Ask a new doctor to perform a medical test or procedure, and most can handle it confidently. But ask them to talk to a patient from another culture, and they’re a little more hesitant.
That’s the finding of a survey of about 2,000 new doctors. Virtually all (96 percent) stated that culture counts in health care. But many indicated that they weren’t totally sure how to handle that.
To fix that, cultural issues should be a priority in medical schools, write Joel Weissman, PhD, and colleagues in The Journal of the American Medical Association. Weissman works at the Institute for Health Policy and department of medicine at Boston’s Massachusetts General Hospital.
The researchers note America’s growing diversity and health care gaps between people of different backgrounds. Those issues are already challenging today’s doctors and await students heading to medical school.
New Doctors’ Views
Surveys were completed by about 2,000 medical residents.
The doctors were in their final year of training for a variety of specialties (emergency medicine, family practice, internal medicine, obstetrics/gynecology, pediatrics, psychiatry, or general surgery).
Only 8 percent stated that they thought they were generally unprepared to care for patients from cultures other than their own. But many had specific concerns.
—One in four stated that they were unprepared to care for patients with health beliefs that conflict with Western medicine.
—One in four noted that they weren’t prepared to care for new immigrants.
—One in five stated that they were unprepared to care for patients whose religious beliefs affect treatment.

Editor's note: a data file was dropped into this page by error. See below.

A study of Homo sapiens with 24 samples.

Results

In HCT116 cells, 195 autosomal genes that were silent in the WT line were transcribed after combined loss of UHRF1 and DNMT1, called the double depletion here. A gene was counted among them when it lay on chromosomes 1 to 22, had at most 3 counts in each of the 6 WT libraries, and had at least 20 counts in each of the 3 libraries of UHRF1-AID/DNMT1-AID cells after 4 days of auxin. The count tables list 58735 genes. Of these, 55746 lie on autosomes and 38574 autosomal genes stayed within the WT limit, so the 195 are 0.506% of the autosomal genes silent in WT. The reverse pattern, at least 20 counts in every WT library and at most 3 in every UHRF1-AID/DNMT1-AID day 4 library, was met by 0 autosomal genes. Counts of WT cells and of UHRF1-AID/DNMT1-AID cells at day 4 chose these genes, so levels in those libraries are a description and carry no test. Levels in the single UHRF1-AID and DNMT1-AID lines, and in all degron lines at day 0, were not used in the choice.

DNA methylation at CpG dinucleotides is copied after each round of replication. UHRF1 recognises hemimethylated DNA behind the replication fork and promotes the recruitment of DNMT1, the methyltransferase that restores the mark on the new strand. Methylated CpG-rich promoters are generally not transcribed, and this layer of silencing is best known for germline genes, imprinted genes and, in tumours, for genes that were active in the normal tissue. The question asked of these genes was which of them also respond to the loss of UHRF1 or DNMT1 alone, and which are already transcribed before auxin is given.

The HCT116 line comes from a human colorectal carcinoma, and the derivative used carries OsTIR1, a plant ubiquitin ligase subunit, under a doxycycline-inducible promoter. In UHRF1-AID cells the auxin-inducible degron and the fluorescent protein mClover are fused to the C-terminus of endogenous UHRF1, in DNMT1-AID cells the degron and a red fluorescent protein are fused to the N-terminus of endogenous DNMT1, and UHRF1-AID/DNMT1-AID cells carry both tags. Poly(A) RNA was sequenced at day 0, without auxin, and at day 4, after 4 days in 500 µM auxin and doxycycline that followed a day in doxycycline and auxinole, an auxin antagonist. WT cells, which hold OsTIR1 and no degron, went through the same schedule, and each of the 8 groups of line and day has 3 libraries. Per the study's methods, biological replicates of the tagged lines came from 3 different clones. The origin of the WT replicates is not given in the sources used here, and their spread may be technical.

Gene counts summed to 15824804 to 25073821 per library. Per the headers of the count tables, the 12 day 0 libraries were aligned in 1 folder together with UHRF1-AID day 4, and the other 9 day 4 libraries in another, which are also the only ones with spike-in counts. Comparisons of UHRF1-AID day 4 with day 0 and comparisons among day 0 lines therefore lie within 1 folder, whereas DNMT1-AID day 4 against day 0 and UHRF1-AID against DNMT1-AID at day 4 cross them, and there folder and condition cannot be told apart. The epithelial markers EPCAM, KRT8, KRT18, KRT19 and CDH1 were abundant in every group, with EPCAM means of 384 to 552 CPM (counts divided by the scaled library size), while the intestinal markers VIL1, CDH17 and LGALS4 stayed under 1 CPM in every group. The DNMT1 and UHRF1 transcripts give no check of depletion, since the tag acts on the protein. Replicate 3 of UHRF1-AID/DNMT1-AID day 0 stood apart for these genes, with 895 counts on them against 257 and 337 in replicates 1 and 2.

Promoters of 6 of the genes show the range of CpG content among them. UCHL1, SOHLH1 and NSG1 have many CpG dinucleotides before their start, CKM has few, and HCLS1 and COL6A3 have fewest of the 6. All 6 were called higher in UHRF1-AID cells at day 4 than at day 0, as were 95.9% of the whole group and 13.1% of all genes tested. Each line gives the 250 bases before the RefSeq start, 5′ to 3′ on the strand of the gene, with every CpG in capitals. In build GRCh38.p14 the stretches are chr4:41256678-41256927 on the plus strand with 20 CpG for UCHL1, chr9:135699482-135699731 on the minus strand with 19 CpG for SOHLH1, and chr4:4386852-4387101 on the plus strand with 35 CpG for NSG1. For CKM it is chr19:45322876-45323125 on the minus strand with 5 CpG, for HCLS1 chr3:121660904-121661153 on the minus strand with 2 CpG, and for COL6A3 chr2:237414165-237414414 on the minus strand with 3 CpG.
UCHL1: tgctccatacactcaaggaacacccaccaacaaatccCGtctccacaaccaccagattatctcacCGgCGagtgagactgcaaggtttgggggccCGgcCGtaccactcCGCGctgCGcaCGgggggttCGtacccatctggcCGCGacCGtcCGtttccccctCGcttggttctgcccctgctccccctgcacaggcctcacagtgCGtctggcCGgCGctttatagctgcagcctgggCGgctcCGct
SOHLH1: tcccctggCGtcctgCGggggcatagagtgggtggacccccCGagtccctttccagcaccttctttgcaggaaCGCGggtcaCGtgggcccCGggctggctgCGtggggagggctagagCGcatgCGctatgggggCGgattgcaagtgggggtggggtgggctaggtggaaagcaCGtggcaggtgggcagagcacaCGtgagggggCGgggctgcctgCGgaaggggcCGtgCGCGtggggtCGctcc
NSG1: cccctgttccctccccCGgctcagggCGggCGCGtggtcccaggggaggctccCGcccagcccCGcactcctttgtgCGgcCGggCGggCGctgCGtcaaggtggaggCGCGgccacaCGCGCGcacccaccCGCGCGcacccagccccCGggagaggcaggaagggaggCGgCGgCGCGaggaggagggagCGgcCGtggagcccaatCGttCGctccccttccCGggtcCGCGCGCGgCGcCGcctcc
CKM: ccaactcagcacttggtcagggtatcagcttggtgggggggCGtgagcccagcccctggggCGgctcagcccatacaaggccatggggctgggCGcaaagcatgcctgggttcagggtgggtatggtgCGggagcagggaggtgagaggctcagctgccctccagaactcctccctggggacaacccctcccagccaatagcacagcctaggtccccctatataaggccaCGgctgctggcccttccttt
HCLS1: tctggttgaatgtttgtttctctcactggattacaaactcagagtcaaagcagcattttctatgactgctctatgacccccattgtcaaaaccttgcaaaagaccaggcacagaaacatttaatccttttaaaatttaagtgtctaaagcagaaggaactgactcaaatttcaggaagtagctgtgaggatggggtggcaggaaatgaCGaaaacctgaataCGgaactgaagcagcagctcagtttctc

—Nearly one-third reported no good role models in cross-cultural care.
—Two-thirds noted no meaningful evaluation of their cross-cultural patient communication skills.
Many also noted no training in cross-cultural medical care. That was true of 43 percent of the family medicine residents and 83 percent of those in surgery and obstetrics/gynecology.
Very few (1 to 2 percent) expressed doubts about their technical know-how in their specialty.
The bottom line: There is “substantial room for improvement” in training new doctors to care for diverse patients, write the researchers.
“Our results suggest that residents may be receiving mixed educational messages,” they write.
“On the one hand, they perceive that cross-cultural care is important and that it has implications for delivering efficient and high-quality care. On the other hand, residents indicate that they do not have the time nor the mentors to deliver effective cross-cultural care and are not evaluated on their ability to do so,” they continue.
New doctors have a lot to learn; caring for people of different backgrounds should go on that list, the researchers state.
“These findings have implications for how residency training programs prepare physicians to provide high-quality care to an increasingly diverse nation,” they write.
SOURCES: Weissman, J. The Journal of the American Medical Association, Sept. 7, 2005; vol 294: pp 1058-1067. News release, JAMA/Archives.